Washington, D.C. – The House of Representatives today passed the bipartisan Scientific Research in the National Interest Act (H.R. 3293) to ensure that the National Science Foundation (NSF) is open and accountable to the taxpayers about how their hard-earned dollars are spent.

Introduced by Science, Space, and Technology Committee Chairman Lamar Smith (R-Texas), the bill requires that each NSF grant award be accompanied by a non-technical explanation of how the project serves the national interest. This written justification is intended to affirm NSF’s determination that a project is worthy of taxpayer support. The bill passed the House by a vote of 236 – 178.

Chairman Smith: “America’s future economic growth and national security depend on innovation.  Public and private investments in research and development (R&D) fuel the economy, create jobs and lead to new technologies that benefit Americans’ daily lives. Unfortunately, in recent years, the federal government has awarded too many grants that few Americans would consider to be in the national interest.

For instance, the NSF awarded $700,000 of taxpayer money to support a climate change-themed musical that quickly closed. And almost one million dollars for a social media project that targeted Americans’ online political speech.  A few other examples of questionable grants include: 

  • $487,000 to study the Icelandic textile industry during the Viking era;
  • $340,000 to study early human-set fires in New Zealand;
  • $516,000 to help amateurs create a video game to "Relive Prom Night."
  • $233,000 to study ancient Mayan architecture and their salt industry; and
  • $220,000 to study animal photos in National Geographic magazine.

“When the NSF funds such projects there is less money to support worthwhile scientific research that keeps our country on the forefront of innovation.  Such areas include computer science, advanced materials, lasers, telecommunications, information technology, development of new medicines, nanotechnology, cybersecurity and dozens of others that hold the greatest promise of revolutionary scientific breakthroughs. These sectors can create millions of new jobs and transform society in positive ways. This bill ensures that a project’s benefits are clearly communicated to earn the public’s support and trust.  Researchers should embrace the opportunity to better explain to the American people the potential value of their work. This bill is an essential step to restore and maintain taxpayer support for basic scientific research.”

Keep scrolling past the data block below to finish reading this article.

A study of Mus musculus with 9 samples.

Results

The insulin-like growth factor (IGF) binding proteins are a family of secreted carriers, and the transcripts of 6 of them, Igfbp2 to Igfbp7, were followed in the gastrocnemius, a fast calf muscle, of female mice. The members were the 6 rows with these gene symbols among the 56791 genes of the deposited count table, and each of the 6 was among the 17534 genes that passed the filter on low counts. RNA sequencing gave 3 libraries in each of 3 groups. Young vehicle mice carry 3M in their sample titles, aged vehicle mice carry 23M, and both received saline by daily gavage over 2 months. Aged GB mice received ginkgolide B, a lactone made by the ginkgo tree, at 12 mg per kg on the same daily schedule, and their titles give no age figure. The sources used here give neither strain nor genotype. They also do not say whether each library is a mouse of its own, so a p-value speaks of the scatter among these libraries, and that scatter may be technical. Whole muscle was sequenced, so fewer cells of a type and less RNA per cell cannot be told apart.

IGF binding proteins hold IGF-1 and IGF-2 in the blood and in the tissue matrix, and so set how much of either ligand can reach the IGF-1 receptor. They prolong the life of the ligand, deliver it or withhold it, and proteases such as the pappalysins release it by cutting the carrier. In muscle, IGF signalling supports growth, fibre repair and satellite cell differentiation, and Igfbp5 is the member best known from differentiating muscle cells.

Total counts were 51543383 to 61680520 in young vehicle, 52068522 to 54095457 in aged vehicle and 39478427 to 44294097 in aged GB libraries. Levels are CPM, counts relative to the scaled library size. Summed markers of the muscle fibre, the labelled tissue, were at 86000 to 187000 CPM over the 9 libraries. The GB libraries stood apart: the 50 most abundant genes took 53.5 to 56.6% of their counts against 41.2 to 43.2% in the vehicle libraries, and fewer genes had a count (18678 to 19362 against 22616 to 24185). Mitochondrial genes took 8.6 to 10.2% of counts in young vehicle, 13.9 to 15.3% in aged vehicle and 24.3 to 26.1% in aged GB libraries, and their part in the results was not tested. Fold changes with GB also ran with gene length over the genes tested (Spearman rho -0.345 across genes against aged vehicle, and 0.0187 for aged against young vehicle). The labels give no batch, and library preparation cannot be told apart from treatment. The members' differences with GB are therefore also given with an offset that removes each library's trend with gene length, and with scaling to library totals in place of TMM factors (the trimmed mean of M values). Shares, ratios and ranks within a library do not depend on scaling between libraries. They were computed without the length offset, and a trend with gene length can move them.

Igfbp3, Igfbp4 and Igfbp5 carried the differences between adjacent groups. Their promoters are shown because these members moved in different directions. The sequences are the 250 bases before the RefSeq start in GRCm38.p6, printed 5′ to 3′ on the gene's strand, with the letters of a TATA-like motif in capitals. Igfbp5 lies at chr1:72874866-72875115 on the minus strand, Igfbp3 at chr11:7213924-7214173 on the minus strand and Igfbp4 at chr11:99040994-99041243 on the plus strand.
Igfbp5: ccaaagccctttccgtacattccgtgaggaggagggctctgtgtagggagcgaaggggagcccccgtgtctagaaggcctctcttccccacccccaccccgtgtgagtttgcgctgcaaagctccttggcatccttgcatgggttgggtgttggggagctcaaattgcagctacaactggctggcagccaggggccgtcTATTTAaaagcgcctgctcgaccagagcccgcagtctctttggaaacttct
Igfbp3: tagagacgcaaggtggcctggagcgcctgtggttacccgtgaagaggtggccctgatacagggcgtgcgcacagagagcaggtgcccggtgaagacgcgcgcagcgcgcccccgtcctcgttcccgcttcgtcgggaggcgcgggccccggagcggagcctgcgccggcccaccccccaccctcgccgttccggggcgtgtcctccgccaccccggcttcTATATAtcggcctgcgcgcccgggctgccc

The NSF has recognized the need for increased transparency and accountability and has recently implemented an internal policy consistent with the national interest criteria. This legislation makes this commitment permanent.

At a Science Committee hearing last year, NSF Director France Córdova agreed with a legislative effort to uphold a national interest standard for taxpayer-funded research grants. The Scientific Research in the National Interest Act is virtually identical to a provision that passed the House last year as part of the America COMPETES Reauthorization Act of 2015

The bill clearly states, “Nothing in this section shall be construed as altering the Foundation’s intellectual merit or broader impacts criteria for evaluating grant applications.”

The following bipartisan members of the Science Committee are original cosponsors: Reps. Daniel Lipinski (D-Ill.); Frank Lucas (R-Okla.); Alan Grayson (D-Fla.); Barbara Comstock (R-Va.); John Moolenaar (R-Mich.) Randy Weber (R-Texas); Stephen Knight (R-Calif.); Jim Bridenstine (R-Okla); Bruce Westerman (R-Ark.); Brian Babin (R-Texas); Mo Brooks (R-Ala.); Barry Loudermilk (R-Ga.); Bill Johnson (R-Utah); Dana Rohrabacher (R-Calif.); Randy Neugebauer (R-Texas); Bill Posey (R-Fla.); Gary Palmer (R-Ala.); and Ralph Abraham (R-La.).